A chef without a good knife is like an anchorman without auto-prompt: a bit useless. Celebrity chef Rick Stein claims he's been using the same cook's knife his whole career, despite a nick from the time he "stupidly cracked a lobster," he told The Guardian newspaper. Look for a 20cm blade made with high-carbon stainless steel or Japanese "super-steel", based on centuries of samurai-sword making. Don't forget to invest in a sharpener.
Are your kitchen cupboards bursting with pots and pans? Save on space (and save yourself an injury) with a multi-cooker. Go for a model that combines a slow cooker, pressure cooker, basic electric pot, rice cooker, deep fryer and soup maker. We like the new New Wave Kitchen Appliances 6-in-1 multi cooker, $189.95.
It will change your life, says Leona Watson, chef and founder of cooking school, Cheeky Food Group: "Buy a few 10cm, square non-slip mats. They're perfect for stopping your chopping board from moving, opening jars, sitting under bowls in microwaves … you can throw them in the dishwasher," says Watson.
Sure, you could get RSI from using a mortar and pestle or you could enlist a machine to do the hard work for you. Go for an easy-to-use and most importantly, easy-to-clean food processor, such as the Sunbeam MultiChopper Food Chopper, $49.95. It can make dressings, dips, pastes, pate, mash, icing and coulis, using everything from brie to frozen berries.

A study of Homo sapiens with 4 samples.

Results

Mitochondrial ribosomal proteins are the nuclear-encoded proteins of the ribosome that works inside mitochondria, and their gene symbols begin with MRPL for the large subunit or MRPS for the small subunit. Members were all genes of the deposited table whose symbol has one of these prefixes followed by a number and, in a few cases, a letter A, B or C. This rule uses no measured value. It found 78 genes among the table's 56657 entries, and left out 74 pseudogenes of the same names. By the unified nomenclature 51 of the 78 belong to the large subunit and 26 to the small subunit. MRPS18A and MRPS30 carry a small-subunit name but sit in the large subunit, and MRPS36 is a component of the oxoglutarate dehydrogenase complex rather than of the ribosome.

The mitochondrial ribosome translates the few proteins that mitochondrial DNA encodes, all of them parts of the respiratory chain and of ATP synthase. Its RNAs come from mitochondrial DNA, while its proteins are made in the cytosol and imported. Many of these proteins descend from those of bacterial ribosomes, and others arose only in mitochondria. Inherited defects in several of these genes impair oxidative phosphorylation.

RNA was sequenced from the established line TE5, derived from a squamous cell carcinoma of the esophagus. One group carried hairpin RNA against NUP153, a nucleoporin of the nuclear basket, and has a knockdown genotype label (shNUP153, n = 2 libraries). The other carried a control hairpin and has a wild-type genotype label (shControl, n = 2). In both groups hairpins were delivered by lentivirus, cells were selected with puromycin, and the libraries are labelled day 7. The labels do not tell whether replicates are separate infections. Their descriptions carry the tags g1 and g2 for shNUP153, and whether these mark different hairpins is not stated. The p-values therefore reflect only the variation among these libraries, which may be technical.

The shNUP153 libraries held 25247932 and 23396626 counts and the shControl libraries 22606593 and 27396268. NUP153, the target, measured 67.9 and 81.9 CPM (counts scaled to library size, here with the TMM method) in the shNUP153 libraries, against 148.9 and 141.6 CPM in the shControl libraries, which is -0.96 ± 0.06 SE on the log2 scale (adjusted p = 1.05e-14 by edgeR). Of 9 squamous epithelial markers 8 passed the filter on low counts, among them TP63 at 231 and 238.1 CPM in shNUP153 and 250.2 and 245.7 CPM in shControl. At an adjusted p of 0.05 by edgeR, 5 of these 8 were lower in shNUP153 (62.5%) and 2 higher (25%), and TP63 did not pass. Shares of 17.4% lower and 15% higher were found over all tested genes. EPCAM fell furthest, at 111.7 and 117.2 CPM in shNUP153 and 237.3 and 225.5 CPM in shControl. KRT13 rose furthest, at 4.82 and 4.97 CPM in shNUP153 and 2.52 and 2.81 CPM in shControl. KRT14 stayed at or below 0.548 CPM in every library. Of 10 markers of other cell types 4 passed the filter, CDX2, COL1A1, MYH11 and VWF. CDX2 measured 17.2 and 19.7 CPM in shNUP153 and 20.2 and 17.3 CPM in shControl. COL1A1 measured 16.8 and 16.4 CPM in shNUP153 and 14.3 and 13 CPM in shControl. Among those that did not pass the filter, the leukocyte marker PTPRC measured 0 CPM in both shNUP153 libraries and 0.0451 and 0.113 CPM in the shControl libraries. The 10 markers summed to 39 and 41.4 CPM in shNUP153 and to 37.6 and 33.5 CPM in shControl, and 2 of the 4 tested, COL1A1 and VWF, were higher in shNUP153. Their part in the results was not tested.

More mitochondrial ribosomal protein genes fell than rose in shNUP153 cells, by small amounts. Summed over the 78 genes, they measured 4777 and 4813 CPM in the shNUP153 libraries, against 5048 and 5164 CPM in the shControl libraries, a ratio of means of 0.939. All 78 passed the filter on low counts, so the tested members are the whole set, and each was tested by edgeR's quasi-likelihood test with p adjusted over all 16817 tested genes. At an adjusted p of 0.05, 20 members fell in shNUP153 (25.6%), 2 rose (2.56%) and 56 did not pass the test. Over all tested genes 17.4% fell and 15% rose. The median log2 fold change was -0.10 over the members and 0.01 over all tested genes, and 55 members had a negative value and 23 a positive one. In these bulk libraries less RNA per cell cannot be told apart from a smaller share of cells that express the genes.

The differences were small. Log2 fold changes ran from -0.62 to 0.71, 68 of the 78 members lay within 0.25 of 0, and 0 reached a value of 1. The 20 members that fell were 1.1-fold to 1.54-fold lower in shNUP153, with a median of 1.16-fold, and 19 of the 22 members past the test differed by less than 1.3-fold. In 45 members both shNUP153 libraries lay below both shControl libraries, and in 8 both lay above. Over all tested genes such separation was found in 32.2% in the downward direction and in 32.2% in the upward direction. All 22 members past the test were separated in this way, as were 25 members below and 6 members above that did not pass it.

It's almost winter, the mercury's dropped and your BBQ is getting sorely neglected. Stay indoors and get the same effect with a simple grill pan, which you can use on the hob or in an oven. Look for cast iron or aluminium, with a non-stick surface and a groove in each side so you can drain fat and oil. We like the IKEA GRILLA, $19.99.
For authentic and healthy Asian cooking, you can't go past inexpensive, stackable bamboo steamers (available at Asian grocers). Simply boil water in a wok or pot, rest the bottom steamer on top leaving an inch or two between the water and the steamer and pop in fish, meat, veggies or dumplings. Use baking paper or lettuce leaves so food doesn't stick. Throw herbs in the water for more flavour.
Jamie Oliver reckons he can't live without empty jam jars. Presumably clean ones. "Super-cheap and super-useful, for storing anything from salad dressings and salsas to storing pulses and spices."